Robert Chambers defined walking and mapping as two of the different participatory methods that are used by the population to share, enhance and analyze the conditions of a given space, in order to plan and act accordingly.

As part of the ReSpace project, participants conducted sites visits during which they performed mapping as one of the methods of understanding the different sites that were visited.

The mapping was done in two ways; in the first place participants printed out an aerial photograph that was used to geographically locate the sites and to see which itinerary to take. This map was mainly used before the site visit begins and it was used to identify the major areas of the site like green areas, built areas and different open spaces.

In the second place, participants produced mind maps or informal maps. Once on site, participants produced these informal maps, which were based on the things that they observed on sites and which were unique to each site. These mind maps aren’t necessary precise but a reflection of what students remembers of the sites, the different routes taken, the different objects or assets that are appropriate to a site, distances walked, where they stopped and the different activities that were performed in those spaces.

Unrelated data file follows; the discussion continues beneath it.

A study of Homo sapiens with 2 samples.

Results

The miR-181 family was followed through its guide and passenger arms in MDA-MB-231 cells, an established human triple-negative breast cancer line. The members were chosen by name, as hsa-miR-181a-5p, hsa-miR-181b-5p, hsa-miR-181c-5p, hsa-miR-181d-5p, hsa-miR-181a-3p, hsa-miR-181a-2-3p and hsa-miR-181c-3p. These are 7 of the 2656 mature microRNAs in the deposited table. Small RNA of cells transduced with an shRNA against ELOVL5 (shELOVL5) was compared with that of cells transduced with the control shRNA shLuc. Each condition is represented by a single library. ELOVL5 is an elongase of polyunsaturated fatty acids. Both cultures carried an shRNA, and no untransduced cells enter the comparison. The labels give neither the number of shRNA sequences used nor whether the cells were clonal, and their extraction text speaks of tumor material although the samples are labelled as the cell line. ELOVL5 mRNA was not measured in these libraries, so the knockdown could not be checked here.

Some of the mind maps were produced using sketches where students drew elements that are unique to each site. These maps are used to remember things visually, how they looked and their particularity. Other mind maps were produced using words. These type of maps were done in a way where participants drew a route that was taken and then using words, writing all the places that were visited, all the elements that were met, the type of smell that was found in a certain place, the temperature existing in the area and all the elements that can’t be drawn. 

To think of space, place and its different representations is to look at maps. Maps describe place and come in different formats, but can also include information that goes beyond spatial cues. In ReSpace we looked at different types of maps and map making to encourage young people to consider the creative and inventive approaches to describing space.  

Conceptual Maps, Real Maps,  Memory Maps, Phenomenological Maps 

“What distinguishes the map from the tracing is that it is entirely oriented toward an experimentation in contact with the real.’ (Deleuze and Guattari. 1987:12)

Corner, J. (2011), ‘The Agency of Mapping: Speculation, Critique and Invention’ in Dodge, M., Kitchin R., and Perkins C. (eds.) The Map Reader: Theories of Mapping Practice and Cartographic Representation, John Wiley & Sons, Ltd.